William Chambers (publisher)
William Chambers of Glenormiston
|Lord Provost of Edinburgh|
|Preceded by||Charles Lawson of Borthwick Hall|
|Succeeded by||William Law|
|Born||16 April 1800|
|Died||20 May 1883(aged 83)|
William Chambers of Glenormiston or William Chambers //; 16 April 1800 – 20 May 1883) was a Scottish publisher and politician, the brother (and business partner) of Robert Chambers. The brothers were influential in the mid-19th century, in both scientific and political circles.(
Chambers was born in Peebles and moved to Edinburgh in 1814 to work in the book-selling trade and soon branched out into printing. He opened his own bookshop in 1819 on Broughton Street, a historical street absorbed by Edinburgh's New Town. He founded the publishing firm of W. & R. Chambers Publishers with his brother, Robert in 1832. He was a keen advocate of popular education and his firm pioneered the use of industrial technologies of publishing to make print available cheaply. With his younger brother, Robert Chambers, he produced books and periodicals of Scottish interest, such as Gazetteer of Scotland. They also made money in promulgating the many new science discoveries as the modern world emerged from prior modes of thinking in such periodicals as the Edinburgh Journal. Their publishing business prospered, and in 1859 Chambers founded a museum and art gallery in Peebles. The brothers collaborated on the publication of Chambers Encyclopaedia between 1860 and 1868.
As Lord Provost of Edinburgh from 1865 to 1869, Chambers was responsible for the restoration of St Giles Cathedral and other major town planning exercises, including the creation of Jeffrey Street, St Marys Street and Blackfriars Street. These streets were all created under the City Improvement Act of 1866, including one named in his memory: (Chambers Street) and here in its centre stands a statue to him, by local sculptor John Rhind with low-relief copper panels on the base by William Shirreffs.
In 1867 the Lord Provost of Edinburgh, Sir William Chambers, who was also a director of the Scottish Society for the Prevention of Cruelty to Animals, paid for Bobby's licence and gave the dog a collar, now in the Museum of Edinburgh.
A memorial stained glass window was erected in the centre of the north aisle of St Giles Cathedral in his memory. A smaller window to his brother Robert stands to its side.
W. & R. Chambers
In the beginning of 1832 William Chambers started a weekly publication under the title of Chambers's Edinburgh Journal, (known since 1854 as Chambers's Journal of Literature, Science and Arts), which speedily attained a large circulation (84,000), and to which his younger brother Robert Chambers was at first only a contributor. After fourteen issues had appeared, Robert became associated with his brother as joint editor, and his collaboration may have contributed more than anything else to the success of the Journal. From September 1832 the two brothers formed the book publishing firm of W. & R. Chambers Publishers. This was originally located at 19 Waterloo Place at the east end of Princes Street.
In the mid-19th century they moved to a large premises at 339 High Street on the Royal Mile. It lay between Warriston Close and Roxburgh Close. Their premises was acquired in the 1930s by the City Chambers to build an extension to the chambers.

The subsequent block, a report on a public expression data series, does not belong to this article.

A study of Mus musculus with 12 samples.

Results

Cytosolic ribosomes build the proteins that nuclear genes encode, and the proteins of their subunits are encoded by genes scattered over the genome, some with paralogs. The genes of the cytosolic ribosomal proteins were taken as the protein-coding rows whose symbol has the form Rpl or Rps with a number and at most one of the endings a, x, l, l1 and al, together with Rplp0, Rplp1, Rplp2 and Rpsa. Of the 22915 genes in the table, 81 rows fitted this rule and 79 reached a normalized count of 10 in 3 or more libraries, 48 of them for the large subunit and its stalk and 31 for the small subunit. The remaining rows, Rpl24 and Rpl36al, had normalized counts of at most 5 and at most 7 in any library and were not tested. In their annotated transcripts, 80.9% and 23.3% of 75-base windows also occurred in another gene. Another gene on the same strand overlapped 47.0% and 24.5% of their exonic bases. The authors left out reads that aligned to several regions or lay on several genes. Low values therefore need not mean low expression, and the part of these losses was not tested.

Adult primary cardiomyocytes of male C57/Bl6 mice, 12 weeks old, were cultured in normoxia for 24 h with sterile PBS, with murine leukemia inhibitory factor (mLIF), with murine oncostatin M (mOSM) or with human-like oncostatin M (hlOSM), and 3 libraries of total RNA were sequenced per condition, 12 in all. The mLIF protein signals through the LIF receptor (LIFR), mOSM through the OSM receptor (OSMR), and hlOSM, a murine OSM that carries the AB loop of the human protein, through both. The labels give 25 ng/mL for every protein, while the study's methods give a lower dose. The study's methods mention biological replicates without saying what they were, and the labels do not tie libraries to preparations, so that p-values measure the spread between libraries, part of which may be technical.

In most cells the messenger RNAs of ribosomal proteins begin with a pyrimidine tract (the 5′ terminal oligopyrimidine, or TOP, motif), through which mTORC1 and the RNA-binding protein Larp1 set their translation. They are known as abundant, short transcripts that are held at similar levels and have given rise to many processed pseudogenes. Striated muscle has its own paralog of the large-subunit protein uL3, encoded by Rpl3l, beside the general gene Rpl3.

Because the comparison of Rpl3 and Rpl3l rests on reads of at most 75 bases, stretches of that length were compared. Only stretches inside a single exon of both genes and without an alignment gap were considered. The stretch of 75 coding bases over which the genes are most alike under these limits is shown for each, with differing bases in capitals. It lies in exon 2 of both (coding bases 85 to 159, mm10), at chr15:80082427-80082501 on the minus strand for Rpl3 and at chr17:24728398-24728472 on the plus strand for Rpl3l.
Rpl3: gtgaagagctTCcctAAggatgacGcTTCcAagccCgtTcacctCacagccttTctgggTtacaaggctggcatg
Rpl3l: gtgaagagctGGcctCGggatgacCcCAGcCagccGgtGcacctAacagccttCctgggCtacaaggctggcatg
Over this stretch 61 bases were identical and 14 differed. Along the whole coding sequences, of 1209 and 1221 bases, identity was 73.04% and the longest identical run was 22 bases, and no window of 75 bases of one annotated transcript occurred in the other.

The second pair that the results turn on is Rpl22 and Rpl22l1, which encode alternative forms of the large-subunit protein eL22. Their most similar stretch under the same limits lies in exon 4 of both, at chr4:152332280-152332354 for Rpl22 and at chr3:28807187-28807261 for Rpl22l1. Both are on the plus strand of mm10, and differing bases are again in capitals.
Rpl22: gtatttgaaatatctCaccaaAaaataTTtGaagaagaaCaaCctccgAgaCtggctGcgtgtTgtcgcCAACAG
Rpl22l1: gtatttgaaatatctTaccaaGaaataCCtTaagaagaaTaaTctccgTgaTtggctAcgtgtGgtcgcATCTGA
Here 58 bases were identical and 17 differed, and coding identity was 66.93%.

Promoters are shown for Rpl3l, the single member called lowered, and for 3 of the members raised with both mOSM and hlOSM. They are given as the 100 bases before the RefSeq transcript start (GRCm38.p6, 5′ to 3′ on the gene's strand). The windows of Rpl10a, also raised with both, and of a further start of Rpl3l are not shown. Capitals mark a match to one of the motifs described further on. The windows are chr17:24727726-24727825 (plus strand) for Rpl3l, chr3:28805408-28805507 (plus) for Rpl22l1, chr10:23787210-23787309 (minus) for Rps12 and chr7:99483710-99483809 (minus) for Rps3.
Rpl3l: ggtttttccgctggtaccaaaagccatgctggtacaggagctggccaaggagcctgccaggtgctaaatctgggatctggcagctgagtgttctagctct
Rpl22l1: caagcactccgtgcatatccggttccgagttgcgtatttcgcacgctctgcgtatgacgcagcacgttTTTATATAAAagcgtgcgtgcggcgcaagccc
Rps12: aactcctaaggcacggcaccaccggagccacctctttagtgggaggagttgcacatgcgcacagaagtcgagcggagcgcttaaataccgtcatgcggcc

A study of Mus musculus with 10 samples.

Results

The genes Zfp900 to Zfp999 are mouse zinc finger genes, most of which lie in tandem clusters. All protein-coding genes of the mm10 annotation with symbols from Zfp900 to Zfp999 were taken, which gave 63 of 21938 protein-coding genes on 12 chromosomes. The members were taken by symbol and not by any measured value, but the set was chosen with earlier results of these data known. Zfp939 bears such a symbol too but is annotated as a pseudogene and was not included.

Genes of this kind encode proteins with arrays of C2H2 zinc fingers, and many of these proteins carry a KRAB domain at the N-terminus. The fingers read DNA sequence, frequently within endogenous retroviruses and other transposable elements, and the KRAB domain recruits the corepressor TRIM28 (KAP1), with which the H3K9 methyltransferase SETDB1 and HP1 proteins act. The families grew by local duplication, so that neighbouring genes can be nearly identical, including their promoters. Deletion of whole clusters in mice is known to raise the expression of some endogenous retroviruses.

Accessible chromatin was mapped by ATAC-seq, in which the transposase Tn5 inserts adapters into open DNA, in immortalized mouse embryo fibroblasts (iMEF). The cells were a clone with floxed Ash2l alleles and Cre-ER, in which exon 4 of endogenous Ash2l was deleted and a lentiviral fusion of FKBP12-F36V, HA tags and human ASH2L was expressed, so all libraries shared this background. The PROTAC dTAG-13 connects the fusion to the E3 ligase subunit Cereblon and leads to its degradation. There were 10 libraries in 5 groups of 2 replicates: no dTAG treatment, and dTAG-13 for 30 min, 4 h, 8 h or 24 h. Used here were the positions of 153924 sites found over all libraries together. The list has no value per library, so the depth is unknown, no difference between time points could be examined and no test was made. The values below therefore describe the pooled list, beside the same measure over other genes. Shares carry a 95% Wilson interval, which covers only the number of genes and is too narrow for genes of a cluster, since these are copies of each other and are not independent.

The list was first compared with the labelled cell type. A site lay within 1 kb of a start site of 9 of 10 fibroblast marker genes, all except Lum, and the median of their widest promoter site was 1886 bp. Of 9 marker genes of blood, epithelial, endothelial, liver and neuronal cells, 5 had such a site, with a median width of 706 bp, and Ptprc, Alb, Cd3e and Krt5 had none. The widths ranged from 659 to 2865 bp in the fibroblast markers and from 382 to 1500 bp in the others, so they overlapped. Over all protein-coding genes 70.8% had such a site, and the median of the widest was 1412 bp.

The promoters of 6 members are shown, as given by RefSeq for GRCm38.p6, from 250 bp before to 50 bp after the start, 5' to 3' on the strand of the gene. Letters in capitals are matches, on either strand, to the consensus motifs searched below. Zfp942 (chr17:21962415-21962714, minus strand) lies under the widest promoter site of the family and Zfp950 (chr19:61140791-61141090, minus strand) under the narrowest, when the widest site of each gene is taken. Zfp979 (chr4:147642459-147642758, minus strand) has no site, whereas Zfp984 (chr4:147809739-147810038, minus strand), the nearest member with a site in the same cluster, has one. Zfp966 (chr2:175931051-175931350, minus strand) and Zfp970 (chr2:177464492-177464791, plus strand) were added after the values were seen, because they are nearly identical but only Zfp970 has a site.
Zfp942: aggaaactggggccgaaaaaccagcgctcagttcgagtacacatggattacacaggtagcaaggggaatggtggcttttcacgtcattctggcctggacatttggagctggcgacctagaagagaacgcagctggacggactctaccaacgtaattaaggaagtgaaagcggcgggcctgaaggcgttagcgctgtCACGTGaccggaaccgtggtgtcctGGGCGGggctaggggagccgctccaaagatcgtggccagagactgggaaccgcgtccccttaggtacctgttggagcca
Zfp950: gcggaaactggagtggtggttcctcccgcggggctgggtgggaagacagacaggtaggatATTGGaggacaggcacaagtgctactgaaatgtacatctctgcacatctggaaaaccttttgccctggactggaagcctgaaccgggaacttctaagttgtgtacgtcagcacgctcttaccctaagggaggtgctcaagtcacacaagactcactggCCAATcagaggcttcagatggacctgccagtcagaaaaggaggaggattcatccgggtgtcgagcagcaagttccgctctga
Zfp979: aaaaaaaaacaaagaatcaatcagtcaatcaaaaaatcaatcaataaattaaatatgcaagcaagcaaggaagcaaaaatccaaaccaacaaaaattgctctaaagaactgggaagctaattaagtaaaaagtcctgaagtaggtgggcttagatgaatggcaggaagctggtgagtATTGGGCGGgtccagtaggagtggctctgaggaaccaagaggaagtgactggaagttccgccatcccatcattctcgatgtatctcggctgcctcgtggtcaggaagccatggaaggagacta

The firm would eventually become part of Chambers Harrap Publishers in the late 20th century.
Among the other numerous works of which Robert was in whole or in part the author, the Biographical Dictionary of Eminent Scotsmen (4 vols., Glasgow, 1832–1835), the Cyclopædia of English Literature (1844), the Life and Works of Robert Burns (4 vols., 1851), Ancient Sea Margins (1848), the Domestic Annals of Scotland (1859–1861) and the Book of Days (2 vols., 1862–1864) were the most important.
- Chambers's Papers for the People Vol. 1 (1850).
- A history of Peeblesshire. (1864). archive.org
- Memoir of William and Robert Chambers. (1883). archive.org
- Chambers's etymological dictionary of the English language. (1871) archive.org
- Chambers Harrap Publishers
- Chambers Institution, Peebles, Scottish Borders, an arts centre, museum and library which bears W. Chambers' name.
- Chisholm, Hugh, ed. (1911). Encyclopædia Britannica. 5 (11th ed.). Cambridge University Press. p. 821. .
- "Edinburgh Post Office annual directory, 1832-1833". National Library of Scotland. p. 35. Retrieved 16 February 2018.
- Fyfe, Aileen (2012) Steam-Powered Knowledge: William Chambers and the Business of Publishing, 1820-1860 Chicago: University of Chicago Press
- "List of the Ordinary Fellows of the Society". Earth and Environmental Science Transactions of the Royal Society of Edinburgh. 1870. Retrieved 16 February 2018.
- Mcwilliam, Colin. Buildings of Scotland: Edinburgh.
- Gardner, Tim. "William Shirreffs (1846-1902), sculptor, a biography". www.glasgowsculpture.com. Retrieved 16 February 2018.
- Education Scotland website "Archived copy". Archived from the original on 21 February 2013. Retrieved 11 February 2013.CS1 maint: archived copy as title (link) (11 February 2013).
- Edinburgh Museums and Galleries website  (11 February 2013).
- "sale offering of, bound collection". Retrieved 9 March 2009.
as of the accessdate, this site was selling a bound collected as a hardcopy of 1856's "Chambers Journal of Literature, Science and Arts" (no "Apostrophy-S")
- Edinburgh Post Office Directory 1835
- Edinburgh Post Office Directory 1855
- 1877 Ordnance Survey
- Edinburgh and District: Ward Lock Travel Guide 1940
- Fyfe, Aileen (2012). Steam-Powered Knowledge: William Chambers and the Business of Publishing, 1820-1860. Chicago, London: University of Chicago Press. ISBN 978-0-226-27651-9.